Anxiety, I've learned, is not only something I experience while under stress, but it is also something I experience in times that are not necessarily stressful, such as anxiety during traveling. Just recently, my family and I went on vacation, and I realized, before the trip, that travel anxiety is something that I often experience before traveling away from home.
Last year was a good one, and in terms of coping with my anxiety, it was a productive year. We are entering a new year, and it's a great time to self-reflect on the events over the last year -- happy memories, life lessons, and everything in between. As someone who struggles with anxiety, this includes how I've used an anxiety management plan throughout the year.
I've learned that placing high expectations on myself has resulted in perfectionist standards that have caused anxiety. Throughout my life, I grew up with high expectations that I later on learned would contribute to my anxiety levels. Being more aware of this has helped me focus on how I can reduce the anxiety I feel because of these high standards.
I've had a busy schedule in my work and personal life. I have noticed that when my schedule becomes so busy, I often find that my anxiety worsens. Because of this, I need to take steps to calm myself during these busy times.
We are right on the verge of Thanksgiving and the holiday season. It's such a great time to reflect, not only on the year overall but also on how my ability to cope with my anxiety has progressed. A helpful strategy that I've really taken the time to focus on this year has been practicing gratitude and how feeling thankful has helped me manage my anxiety levels.
Staying organized helps my anxiety because one of the things that can be challenging, is dealing with a lack of control. Even though I know that I can't control everything, it becomes difficult when I feel like I am in a chaotic environment. It also becomes overwhelming when situations occur that I don't have control over and so, along with it, comes uncertainty.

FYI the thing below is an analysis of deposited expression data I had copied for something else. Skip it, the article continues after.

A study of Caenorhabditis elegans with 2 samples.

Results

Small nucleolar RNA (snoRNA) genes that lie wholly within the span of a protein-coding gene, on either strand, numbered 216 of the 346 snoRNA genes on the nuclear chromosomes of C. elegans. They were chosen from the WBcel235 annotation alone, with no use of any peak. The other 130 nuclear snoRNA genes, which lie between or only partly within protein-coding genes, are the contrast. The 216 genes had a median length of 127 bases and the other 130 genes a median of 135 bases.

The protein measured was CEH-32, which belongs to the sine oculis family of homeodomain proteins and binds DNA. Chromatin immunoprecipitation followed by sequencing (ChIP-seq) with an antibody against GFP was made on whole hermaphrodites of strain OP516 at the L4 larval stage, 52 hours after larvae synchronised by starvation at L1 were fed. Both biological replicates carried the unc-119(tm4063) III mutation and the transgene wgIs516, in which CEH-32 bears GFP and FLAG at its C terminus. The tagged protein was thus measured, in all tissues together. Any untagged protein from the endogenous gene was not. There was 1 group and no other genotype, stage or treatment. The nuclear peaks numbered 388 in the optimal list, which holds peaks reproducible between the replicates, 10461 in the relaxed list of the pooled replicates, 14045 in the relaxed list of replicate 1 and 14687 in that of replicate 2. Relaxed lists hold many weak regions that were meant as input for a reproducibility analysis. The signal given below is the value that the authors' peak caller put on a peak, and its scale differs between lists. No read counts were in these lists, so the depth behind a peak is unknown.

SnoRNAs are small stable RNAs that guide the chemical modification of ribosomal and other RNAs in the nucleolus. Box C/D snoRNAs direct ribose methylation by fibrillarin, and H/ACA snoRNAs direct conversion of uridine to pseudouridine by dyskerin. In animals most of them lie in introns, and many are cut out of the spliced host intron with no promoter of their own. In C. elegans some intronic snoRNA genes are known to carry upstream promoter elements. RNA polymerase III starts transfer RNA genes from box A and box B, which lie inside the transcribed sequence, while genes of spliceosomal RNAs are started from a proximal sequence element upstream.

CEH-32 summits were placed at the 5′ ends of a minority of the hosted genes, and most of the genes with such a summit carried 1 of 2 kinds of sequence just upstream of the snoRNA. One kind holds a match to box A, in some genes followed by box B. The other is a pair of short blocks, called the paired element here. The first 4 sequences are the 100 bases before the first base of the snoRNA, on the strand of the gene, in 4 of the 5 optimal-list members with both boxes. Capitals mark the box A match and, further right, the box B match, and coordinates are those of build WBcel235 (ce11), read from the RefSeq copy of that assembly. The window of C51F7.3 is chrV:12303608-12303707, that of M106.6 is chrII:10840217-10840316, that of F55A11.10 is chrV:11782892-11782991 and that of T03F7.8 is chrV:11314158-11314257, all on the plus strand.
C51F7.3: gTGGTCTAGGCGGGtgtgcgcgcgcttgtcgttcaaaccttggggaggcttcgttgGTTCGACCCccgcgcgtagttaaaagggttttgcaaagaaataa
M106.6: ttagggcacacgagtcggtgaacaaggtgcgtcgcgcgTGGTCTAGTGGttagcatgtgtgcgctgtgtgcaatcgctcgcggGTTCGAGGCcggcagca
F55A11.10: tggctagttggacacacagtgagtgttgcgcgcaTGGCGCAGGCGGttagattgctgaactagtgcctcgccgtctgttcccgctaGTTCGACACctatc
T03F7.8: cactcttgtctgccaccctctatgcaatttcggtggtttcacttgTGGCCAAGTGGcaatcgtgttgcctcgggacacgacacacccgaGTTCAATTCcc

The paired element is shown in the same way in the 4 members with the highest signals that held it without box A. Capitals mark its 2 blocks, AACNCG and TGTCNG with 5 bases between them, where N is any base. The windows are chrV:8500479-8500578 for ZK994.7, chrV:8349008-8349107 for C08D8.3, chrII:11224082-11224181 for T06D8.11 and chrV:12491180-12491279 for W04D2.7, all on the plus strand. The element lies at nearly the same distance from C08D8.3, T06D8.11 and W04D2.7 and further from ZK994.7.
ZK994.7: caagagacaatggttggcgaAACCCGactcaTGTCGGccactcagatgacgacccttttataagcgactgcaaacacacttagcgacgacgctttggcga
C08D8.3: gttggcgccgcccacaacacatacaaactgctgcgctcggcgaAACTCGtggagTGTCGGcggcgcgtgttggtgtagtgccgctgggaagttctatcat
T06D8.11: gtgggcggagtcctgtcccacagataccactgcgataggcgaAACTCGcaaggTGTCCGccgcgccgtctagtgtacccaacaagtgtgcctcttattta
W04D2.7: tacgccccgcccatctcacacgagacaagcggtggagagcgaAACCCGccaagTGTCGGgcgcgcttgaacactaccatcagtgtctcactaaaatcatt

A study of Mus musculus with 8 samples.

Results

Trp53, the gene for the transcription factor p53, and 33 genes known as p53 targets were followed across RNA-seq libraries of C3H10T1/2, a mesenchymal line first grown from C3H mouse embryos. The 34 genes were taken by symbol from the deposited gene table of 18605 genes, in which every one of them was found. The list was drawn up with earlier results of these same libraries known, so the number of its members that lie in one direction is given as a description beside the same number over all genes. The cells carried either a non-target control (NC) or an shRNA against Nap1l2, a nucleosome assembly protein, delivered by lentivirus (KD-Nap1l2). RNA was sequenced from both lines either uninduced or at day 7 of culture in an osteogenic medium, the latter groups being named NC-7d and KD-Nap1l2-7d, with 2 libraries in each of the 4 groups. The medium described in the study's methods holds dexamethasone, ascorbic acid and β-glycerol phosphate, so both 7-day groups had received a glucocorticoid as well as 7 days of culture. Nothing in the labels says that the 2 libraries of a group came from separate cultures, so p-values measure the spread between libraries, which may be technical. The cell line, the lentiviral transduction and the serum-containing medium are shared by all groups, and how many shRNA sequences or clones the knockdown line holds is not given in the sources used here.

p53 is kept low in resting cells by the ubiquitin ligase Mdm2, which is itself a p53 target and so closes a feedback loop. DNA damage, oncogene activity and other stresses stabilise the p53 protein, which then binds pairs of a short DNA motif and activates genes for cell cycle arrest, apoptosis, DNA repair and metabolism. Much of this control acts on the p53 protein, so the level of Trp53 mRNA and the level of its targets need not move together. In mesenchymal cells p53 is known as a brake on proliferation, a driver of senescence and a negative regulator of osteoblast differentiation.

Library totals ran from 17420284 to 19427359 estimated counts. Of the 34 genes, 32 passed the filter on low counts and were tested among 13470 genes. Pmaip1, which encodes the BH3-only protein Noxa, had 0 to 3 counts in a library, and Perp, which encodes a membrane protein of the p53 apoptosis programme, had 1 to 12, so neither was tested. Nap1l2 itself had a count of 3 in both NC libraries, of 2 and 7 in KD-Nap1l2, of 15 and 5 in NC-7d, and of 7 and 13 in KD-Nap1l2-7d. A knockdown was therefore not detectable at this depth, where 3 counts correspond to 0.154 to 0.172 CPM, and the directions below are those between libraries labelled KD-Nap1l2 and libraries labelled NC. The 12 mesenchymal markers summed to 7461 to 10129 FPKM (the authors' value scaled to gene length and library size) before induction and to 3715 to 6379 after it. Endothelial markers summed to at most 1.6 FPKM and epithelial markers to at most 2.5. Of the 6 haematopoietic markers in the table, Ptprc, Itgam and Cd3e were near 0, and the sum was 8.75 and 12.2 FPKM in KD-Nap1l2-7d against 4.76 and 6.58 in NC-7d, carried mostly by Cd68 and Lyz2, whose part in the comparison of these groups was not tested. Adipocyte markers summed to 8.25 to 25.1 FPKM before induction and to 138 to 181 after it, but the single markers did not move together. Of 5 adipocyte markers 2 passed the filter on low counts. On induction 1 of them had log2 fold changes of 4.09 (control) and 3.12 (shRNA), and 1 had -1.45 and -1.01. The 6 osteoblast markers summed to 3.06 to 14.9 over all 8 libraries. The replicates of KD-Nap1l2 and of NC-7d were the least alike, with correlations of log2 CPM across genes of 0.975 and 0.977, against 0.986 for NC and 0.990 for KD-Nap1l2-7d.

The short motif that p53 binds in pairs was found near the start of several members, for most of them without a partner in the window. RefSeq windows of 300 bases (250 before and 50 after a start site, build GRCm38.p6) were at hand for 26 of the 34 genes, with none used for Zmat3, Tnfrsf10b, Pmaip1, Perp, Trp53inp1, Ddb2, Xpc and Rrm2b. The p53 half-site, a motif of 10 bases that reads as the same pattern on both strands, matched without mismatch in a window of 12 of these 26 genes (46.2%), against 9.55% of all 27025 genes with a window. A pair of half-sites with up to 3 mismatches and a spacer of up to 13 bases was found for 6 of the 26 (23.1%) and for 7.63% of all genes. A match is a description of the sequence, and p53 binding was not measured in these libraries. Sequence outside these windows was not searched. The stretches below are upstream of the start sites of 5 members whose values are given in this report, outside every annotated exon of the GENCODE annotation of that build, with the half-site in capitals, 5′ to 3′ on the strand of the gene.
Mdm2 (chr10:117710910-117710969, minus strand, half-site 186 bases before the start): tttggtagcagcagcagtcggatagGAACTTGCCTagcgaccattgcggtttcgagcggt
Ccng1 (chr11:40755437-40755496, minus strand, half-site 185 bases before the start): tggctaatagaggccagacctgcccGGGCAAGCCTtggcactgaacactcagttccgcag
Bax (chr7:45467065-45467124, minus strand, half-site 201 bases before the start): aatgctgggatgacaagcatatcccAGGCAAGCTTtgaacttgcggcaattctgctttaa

Public speaking is an act that has typically triggered my anxiety. I had to work on it for several years to get to a point where I could manage my public speaking anxiety and anxiety in general.
I've heard a lot about self-sabotaging or being self-destructive when it comes to anxiety, but somewhere along the way, I've convinced myself that I don't do that. I've convinced myself that I don't do things that prevent me from taking advantage of an opportunity or being in line with my goals. Has this been a form of self-sabotage in and of itself? I honestly believe so. Because when I take the time to think about it, I can think of many times in my life when I've purposely taken actions -- or not taken actions -- that weren't consistent with things I have wanted for myself, and anxiety was behind it.
When you deal with anxiety, it's hard to stop yourself from also feeling sad and hopeless. There are a few reasons for this, and for myself, I've found that this has happened to me because dealing with constant anxiety can be extremely exhausting. But I've also found that this has happened to me because the overwhelming feelings and constant worry that go along with anxiety are negative feelings by nature. It's hard to feel positive feelings about anything when you're overcome with anxiety. (Note: This post contains a trigger warning.)
As someone with an anxiety disorder, trying to enjoy life is not easy. My anxiety stole a lot of the fun I could have had in high school, and at university, like all the clubs I wanted to join but decided not to because I was uncomfortable. Day-to-day activities were a struggle. It made my life two times harder and got me overthinking every social interaction I had. It kept me up at night, made me worry about everything, and made me doubt myself. My anxiety made me feel like life was not worth living. (Note: This post contains a trigger warning.)